Successful serial killers are elusive because they’re able to wear a daily mask better than most, their interior lives hidden from the world and the people that surround them.
Mindhunter, director David Fincher’s latest Netflix endeavor (4 out of 10 epsiodes of which he directed), is a police procedural series that explores this idea. As human beings, we naturally build a façade that acts as protection, if only to make others feel more comfortable. You see, if we were to let our deepest, darkest secrets, emotions, and intentions spill out into our respective realities, the result would probably be unfavorable and pretty shitty.
Based on the book Mind Hunter: Inside the FBI's Elite Serial Crime Unit written by John E. Douglas and Mark Olshaker, Mindhunter tells the story of Holden Ford (theater actor Jonathan Groff) and Bill Tench (Holt McCallany), two FBI agents who specialize in behavioral science and travel across America doling out tips to local police forces in order to educate them about criminal profiling and solving cases. In their spare time, they make a side-project out of visiting inmates committed for brutally violent crimes, drawing out as much information as they can from subjects like necrophiliac Ed Kemper (a hulking Cameron Brittion), the Co-Ed Butcher who murdered a total of 10 victims.
Ford is young, cocky, and methodical; while Tench is seasoned, rough around the edges, and harbors a wisdom that goes far beyond his bullish exterior. With the help of Dr. Wendy Carr (the icy yet seductive Anna Torv who your probably remember from Fringe), a psychologist in the academe, their unit forges the groundwork that acts as a catalyst for the evolution of criminal psychology.
You might think this is all formulaic stuff—a pair of stereotypical gumshoe detectives pit together for another noir-ish show about catching psychopaths and throwing them in jail. And that’s where you’ll be wrong, because Mindhunter carves an identity for itself outside of what pop culture has already mined from this genre. Yes, there are psychos (famous ones at that), but they’re already behind bars, and are subjected to pressing interviews and eye-opening conversations from our rather imperfect heroes. This show is about the words that escape the lips of these atypical creatures of habit, the necessary probing, the deep dive into the cavernous recesses of the mind. The horrifying acts of these social outcasts aren’t even exploited for shock—restraint here becomes key in titillating and unlocking the viewer’s own illicit desires. The most interesting aspects of the show aren’t in the scenes where said deviants take centerstage, but in the personal events that transpire in the lives of both Ford and Tench, whose back and forth musings are foiled by the foxy Dr. Carr’s superior intellect.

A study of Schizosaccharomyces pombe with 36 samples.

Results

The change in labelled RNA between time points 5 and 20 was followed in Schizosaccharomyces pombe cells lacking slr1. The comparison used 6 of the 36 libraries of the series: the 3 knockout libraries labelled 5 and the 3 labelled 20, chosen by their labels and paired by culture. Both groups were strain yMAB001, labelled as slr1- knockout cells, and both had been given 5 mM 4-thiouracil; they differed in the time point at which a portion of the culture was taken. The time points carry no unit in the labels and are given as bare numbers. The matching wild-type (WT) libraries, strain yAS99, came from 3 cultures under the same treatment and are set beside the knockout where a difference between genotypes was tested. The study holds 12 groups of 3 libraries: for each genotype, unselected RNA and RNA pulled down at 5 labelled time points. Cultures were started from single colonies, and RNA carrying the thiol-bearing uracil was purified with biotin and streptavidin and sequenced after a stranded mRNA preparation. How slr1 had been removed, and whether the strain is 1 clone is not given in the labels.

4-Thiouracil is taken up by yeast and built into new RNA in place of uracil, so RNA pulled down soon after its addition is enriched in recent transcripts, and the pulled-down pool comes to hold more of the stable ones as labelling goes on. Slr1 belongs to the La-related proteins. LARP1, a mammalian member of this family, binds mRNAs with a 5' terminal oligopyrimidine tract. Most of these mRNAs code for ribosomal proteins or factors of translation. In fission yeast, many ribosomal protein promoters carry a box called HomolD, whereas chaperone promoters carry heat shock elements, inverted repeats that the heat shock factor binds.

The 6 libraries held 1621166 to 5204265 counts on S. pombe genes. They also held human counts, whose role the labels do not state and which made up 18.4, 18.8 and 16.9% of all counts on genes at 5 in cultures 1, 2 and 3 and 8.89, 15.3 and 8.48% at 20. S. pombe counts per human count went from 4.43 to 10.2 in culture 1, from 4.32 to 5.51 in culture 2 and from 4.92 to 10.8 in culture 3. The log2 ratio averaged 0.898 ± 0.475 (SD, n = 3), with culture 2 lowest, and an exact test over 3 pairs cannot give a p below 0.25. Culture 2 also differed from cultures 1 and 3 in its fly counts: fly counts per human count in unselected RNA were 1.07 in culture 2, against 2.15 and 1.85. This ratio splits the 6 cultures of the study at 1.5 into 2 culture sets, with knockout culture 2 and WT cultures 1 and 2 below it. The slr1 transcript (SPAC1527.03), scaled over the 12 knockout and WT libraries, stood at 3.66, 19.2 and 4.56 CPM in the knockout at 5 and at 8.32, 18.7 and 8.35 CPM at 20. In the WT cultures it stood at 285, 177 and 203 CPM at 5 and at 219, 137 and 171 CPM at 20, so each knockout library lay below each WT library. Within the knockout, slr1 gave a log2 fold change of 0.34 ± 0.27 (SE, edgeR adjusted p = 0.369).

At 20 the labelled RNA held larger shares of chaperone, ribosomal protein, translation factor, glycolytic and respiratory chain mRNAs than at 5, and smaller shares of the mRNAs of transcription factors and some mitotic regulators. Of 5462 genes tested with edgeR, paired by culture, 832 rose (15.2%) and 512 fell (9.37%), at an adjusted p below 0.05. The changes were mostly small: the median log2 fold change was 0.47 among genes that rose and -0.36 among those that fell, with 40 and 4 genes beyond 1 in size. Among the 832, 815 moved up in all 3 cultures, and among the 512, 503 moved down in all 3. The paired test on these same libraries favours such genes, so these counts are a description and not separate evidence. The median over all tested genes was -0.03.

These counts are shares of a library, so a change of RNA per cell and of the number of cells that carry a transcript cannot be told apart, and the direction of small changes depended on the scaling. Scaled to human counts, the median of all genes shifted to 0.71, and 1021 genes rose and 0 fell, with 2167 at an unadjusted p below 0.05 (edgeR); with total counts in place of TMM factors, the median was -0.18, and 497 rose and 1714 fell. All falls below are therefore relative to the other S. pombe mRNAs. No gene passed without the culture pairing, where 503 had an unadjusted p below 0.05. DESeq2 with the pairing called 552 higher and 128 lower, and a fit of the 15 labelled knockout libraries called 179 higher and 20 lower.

Fans of Fincher’s body of work will find solace in his signature aesthetic: a grim color palette that fluctuates between garish yellows, cool blues, and flat grays depending on the emotional context of what’s happening onscreen—a very fly representation of a 1977 that seems eons ago. The office spaces, precincts, and suburban households that serve as the setting of all the suspenseful drama are often barely lit, shadows creeping up and out of corners you didn’t even know existed. The mood is always one of dread, a nuanced form of comedy cutting through the tension every so often.
Mindhunter is an exercise in manifesting the intangible through sheer tone and dialogue that cuts through the skin like a shiny knife. Its genius is that it knows that, underneath it all, beneath the flesh and the blood and the bones, we’re all hiding something, leasing space in our own heads for thoughts and motivations and wants that no one can ever learn about.
Mindhunter is currently streaming on Netflix.